Looking after unaccompanied asylum-seeking children in the UK

The Home Office defines an unaccompanied asylum-seeking child as someone who is under the age of 18, is claiming asylum in their own right and who has no adult relative or guardian in the UK to provide care (Home Office, 2002).

At 31 March 2018 there were 4,480 unaccompanied asylum-seeking children, down 4% on the number at 31 March 2017. In 2018, unaccompanied asylum-seeking children continue to represent around 6% of all children looked after in England.

There are many different reasons why a child or young person may feel that they are no longer safe in their home country and find themselves in the UK seeking asylum.

They may have little or no protection from harassment or persecution because of their religion, race, political beliefs, social group, or nationality.

Combined with the task of caring for these children on a day-to-day basis, foster carers will also need to support them through the process of applying for permission to stay in the UK, and possibly to prepare for the return. Many unaccompanied children seeking asylum will also have particular emotional, practical, language and cultural needs that their foster carers will have to consider.

Since becoming foster carers Denise and Tony Gilbert have taken care of 4 unaccompanied children, aged between 13-15 years old who have come to the UK from various countries including Afghanistan, Egypt and Syria.

All four children went to stay with and be cared for by Denise and Tony with a few days of arriving in the UK. The children arrived speaking little or no English.

Denise and Tony wanted to make sure the children had what they needed to help them settle. They made sure the children had a Halal diet and read all the food packaging to ensure they would not be fed something they shouldn’t be fed. A copy of the Koran and prayer was provided to daily prayers and then they began the task of teaching them English.

The children had been given a change of clothing on arrival but felt very overwhelmed when they were taking on shopping trip to buy new clothes, something they had not experienced.

The children all quickly became part of their family and enjoyed playing with Denise’s and Tony’s young grandson; language didn’t appear to be a barrier for them.

As foster carers Diana and Tony were aware that they would be helping the children with the legal process of applying to stay in the UK. They helped the children through the interviews and various meeting that took place. And also helped them to integrate them in to a local school.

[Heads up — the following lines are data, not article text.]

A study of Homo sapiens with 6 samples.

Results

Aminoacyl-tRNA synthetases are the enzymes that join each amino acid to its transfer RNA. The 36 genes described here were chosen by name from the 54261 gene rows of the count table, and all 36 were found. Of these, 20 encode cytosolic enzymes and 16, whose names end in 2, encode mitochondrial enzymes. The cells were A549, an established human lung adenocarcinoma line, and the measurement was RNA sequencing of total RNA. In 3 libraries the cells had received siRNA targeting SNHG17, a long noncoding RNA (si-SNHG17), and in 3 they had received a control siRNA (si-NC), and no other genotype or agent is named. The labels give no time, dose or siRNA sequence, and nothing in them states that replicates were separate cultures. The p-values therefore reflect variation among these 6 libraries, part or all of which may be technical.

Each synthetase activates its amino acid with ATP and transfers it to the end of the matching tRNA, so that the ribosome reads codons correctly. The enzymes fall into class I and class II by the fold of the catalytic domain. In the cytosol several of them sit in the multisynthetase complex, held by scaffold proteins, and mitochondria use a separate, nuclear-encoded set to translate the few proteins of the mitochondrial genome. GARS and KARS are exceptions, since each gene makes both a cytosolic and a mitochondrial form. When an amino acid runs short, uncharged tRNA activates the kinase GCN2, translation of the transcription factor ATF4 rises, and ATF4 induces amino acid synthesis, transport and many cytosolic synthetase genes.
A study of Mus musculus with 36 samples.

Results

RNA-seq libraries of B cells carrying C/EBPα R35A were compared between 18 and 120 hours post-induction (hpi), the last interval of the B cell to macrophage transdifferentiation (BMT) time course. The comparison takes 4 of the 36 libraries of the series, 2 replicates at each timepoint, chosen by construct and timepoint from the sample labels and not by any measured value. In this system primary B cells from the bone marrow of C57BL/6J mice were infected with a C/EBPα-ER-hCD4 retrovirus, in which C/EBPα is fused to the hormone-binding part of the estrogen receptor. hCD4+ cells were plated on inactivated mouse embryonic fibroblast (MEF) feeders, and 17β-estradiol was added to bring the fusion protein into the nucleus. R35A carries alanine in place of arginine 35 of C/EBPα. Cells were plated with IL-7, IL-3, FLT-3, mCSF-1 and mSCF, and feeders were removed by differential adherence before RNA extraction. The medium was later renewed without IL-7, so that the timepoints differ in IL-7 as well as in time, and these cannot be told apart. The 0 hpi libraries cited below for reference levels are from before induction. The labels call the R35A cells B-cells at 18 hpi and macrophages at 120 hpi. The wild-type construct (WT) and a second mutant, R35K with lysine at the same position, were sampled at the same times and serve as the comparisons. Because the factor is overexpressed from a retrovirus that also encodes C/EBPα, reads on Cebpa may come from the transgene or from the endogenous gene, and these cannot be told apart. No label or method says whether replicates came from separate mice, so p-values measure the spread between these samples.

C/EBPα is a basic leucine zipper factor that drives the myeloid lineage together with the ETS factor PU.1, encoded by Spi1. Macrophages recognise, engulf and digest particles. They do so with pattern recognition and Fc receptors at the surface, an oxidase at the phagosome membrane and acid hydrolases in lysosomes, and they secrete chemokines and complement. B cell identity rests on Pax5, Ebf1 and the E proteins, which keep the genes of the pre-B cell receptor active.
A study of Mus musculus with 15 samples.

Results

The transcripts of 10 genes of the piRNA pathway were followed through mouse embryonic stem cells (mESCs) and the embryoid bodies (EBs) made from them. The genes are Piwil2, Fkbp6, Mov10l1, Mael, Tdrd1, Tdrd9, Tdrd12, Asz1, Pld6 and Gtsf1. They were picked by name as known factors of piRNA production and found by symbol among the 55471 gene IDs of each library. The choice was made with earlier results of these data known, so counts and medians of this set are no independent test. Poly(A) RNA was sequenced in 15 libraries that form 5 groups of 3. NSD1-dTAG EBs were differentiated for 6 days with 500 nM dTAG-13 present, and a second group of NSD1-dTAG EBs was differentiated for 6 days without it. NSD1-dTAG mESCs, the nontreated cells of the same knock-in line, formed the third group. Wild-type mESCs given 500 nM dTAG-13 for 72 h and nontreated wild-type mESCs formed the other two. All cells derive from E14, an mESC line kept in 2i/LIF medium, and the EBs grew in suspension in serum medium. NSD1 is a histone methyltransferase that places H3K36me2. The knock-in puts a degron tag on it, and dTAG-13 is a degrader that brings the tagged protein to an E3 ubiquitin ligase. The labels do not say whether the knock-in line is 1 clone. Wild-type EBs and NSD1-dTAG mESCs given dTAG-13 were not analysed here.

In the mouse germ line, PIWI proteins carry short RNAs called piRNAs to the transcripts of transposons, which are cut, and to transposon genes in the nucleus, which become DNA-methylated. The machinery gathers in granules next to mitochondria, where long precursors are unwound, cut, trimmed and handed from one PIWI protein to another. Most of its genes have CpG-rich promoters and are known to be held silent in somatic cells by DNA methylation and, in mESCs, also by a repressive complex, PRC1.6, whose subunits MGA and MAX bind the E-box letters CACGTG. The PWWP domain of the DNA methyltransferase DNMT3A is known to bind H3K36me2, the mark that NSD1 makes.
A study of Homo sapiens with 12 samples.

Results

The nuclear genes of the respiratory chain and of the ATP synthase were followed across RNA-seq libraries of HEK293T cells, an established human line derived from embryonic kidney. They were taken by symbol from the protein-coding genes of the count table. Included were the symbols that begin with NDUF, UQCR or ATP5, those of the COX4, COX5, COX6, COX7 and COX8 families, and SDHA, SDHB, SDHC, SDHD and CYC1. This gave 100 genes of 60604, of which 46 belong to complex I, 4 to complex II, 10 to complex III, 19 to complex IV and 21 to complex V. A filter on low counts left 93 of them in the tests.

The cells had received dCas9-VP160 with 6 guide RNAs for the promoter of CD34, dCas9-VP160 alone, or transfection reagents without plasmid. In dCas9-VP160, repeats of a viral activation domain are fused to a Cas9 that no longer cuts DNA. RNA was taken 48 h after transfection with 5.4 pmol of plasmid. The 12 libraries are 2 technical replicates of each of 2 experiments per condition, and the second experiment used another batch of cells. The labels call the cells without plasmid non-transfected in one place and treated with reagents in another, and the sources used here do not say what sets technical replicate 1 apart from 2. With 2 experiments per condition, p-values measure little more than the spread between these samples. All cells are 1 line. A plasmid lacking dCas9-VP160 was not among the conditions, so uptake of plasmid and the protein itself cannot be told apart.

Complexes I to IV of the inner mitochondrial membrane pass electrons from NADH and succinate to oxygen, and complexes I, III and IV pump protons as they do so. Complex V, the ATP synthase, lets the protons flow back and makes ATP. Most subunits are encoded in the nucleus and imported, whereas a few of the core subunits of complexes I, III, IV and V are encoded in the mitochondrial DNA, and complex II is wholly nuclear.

Denise and Tony recall their time with the children:

“One of the boys lived with us for over a year, he generally got on well with one of the other boys we were looking after. He finally went on to live with an uncle and occasionally contacts us and asks how everyone is.

Another young man who stayed with us for nearly 2 years became very much part of our family, he classes us as his ‘English mum and dad’. He now lives with his dad and keeps in regular contact. He came to our son’s wedding last year and was an usher.

We supported him through the right to remain process – seeing the solicitor, home office and helping him through the court process. When he began school, we helped him understand the work.

He still rings us for support and help now. He is in college and recently passed his driving test. We all miss him especially our 5-year-old grandson who has a special bond with his ‘brother’ S.

The other 2 children were with us a few months, one left to live with his cousins, the other was sent to a private school but unfortunately, we’ve lost contact however, it would be nice to know how they are.

The children were always respectful and keen to learn and although there were language barriers, they got on well with other boys in placement.

When 3 of the unaccompanied minors were here at the same time, they used to have cooking competitions, they’d each cooked a meal on different nights and asked us which we enjoyed the most. All the meals were tasty.

Overall it was a great experience learning about their culture and traditions and getting to know them.”